WALI ALI/To Be: "A deliciously fluid jazz guitar player shows that he's walked the walk as well as talked the talk. Masterfully showing he knows the language of jazz, you've probably heard a load of him over the years and just never knew it as he made a career of bringing up the rear and letting the light shine on the front person. Wonderful tasty stuff throughout, this is just what you need when you want to hear some killer jazz guitar. Hot stuff." - Chris Spector, Midwest Record Entertainment
Wali Ali’s music reflects the rhythm of funk and the cool of jazz. His sound combines the music of Miles and Trane with that of Hendrix and Santana, inviting the listener to explore new interpretations of classic melodies. On his CD, To Be, guitarist Wali plays standards from a memorable generation of creative jazz.
During his career, Wali Ali has performed with various musical artists including Taj Mahal, Norman Connors, Donny Hathaway, Bobbi Humphrey, Noel Pointer, Lonnie Liston Smith, Peter Tosh, and Stanley Turrentine. He has scored for television and was bandleader for the Broadway musical "Mule Bone.” Wali is also a recipient of the ASCAP Songwriters Award. Wali studied music theory at New York University and at The New School. He has also studied classical guitar.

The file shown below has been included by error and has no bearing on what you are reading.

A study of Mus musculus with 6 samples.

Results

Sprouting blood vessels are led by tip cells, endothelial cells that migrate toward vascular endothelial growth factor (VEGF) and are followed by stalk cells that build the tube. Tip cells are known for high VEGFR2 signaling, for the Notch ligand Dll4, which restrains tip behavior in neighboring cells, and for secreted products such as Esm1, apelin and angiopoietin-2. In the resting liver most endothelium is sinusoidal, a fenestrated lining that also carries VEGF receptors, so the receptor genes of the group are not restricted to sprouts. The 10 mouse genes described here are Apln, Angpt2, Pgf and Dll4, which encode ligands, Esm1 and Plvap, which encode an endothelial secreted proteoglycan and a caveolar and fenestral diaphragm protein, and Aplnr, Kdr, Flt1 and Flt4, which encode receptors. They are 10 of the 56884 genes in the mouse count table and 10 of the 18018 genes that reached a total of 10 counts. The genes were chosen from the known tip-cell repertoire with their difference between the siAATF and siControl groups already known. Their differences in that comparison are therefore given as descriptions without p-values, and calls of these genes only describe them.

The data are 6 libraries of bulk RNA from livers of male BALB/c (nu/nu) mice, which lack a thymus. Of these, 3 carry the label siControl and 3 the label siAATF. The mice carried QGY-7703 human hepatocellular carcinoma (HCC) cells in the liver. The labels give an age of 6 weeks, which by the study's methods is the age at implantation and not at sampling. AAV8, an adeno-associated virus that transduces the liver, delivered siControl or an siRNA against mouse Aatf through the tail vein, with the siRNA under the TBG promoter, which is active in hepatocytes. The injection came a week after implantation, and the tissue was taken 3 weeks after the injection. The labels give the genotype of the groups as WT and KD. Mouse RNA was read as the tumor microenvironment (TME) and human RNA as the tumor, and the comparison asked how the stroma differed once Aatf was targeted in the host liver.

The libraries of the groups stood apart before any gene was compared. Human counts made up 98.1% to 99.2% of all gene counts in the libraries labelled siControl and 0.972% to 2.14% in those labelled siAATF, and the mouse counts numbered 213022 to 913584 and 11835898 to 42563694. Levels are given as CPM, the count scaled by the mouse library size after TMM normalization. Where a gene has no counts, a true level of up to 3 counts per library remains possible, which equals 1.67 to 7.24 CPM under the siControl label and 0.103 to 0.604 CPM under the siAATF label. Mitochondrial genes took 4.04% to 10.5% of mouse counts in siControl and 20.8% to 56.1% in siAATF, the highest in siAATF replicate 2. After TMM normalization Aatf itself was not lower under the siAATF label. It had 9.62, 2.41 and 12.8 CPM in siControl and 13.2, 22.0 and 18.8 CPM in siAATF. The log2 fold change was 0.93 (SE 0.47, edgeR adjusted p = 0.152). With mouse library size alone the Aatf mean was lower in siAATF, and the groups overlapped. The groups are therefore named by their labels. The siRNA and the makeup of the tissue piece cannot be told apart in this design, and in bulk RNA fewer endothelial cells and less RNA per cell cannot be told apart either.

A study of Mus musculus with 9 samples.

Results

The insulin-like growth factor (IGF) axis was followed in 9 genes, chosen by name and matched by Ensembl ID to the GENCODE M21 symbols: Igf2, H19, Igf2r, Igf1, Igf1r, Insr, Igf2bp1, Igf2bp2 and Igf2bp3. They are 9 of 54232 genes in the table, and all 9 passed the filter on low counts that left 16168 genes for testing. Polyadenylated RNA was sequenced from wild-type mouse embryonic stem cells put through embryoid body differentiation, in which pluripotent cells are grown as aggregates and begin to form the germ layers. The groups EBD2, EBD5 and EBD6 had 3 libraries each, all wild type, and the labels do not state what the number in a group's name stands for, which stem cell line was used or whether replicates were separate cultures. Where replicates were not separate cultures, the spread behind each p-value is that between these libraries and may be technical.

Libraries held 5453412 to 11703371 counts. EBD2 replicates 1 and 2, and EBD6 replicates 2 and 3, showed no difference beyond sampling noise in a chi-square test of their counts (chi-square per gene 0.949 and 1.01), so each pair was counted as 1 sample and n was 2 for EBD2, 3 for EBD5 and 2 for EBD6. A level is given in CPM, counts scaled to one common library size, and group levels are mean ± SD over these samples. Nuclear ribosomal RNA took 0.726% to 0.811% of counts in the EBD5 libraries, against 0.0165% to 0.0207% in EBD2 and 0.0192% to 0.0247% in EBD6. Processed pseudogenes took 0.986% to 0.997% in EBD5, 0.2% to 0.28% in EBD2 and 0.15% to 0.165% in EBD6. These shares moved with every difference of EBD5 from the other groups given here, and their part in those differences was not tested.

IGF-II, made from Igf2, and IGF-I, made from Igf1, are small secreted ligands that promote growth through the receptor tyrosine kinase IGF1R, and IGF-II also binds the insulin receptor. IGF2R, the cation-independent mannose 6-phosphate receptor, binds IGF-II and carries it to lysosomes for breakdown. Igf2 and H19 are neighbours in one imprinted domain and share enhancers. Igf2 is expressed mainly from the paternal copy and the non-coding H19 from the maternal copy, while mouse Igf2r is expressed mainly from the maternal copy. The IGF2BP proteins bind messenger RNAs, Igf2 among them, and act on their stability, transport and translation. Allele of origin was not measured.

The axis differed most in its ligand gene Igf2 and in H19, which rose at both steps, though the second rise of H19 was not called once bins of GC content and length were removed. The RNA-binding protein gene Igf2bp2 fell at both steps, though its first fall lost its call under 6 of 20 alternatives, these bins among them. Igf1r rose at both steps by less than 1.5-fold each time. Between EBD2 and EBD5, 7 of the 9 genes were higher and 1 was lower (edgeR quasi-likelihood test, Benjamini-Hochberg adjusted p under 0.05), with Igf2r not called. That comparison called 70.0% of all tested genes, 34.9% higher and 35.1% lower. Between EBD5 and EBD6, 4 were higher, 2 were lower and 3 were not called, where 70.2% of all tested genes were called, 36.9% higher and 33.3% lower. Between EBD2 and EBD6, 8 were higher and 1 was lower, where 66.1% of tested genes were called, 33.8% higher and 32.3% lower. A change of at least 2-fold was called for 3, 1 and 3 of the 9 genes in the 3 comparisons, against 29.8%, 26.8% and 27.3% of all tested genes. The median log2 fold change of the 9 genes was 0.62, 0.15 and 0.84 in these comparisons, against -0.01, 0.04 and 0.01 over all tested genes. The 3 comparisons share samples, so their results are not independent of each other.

Wali grew up with music always in the house. “My parents loved jazz and my brother was into R&B, folk, and rock. So I listened to all of that. When I think about it, my musical concept was formed right there.” Under the influence of his brother who played guitar, Wali took his first formal guitar lessons from a violinist at the age of 10. He started playing with local musicians in funk, fusion, and rock bands while in high school. He first went out on the road when he was only 17-years-old. Since then, Wali has played with talented and inspirational musicians in the New York area and from all over the country.
“My goal in making music is to establish a platform that will enable me to perform and develop further as an improviser. It’s taken me a while to get to it, but sometimes it takes a long time to get where you need to go. I had to simplify things, get in touch with my creativity, develop further as an improviser, and get to a different level of expression.”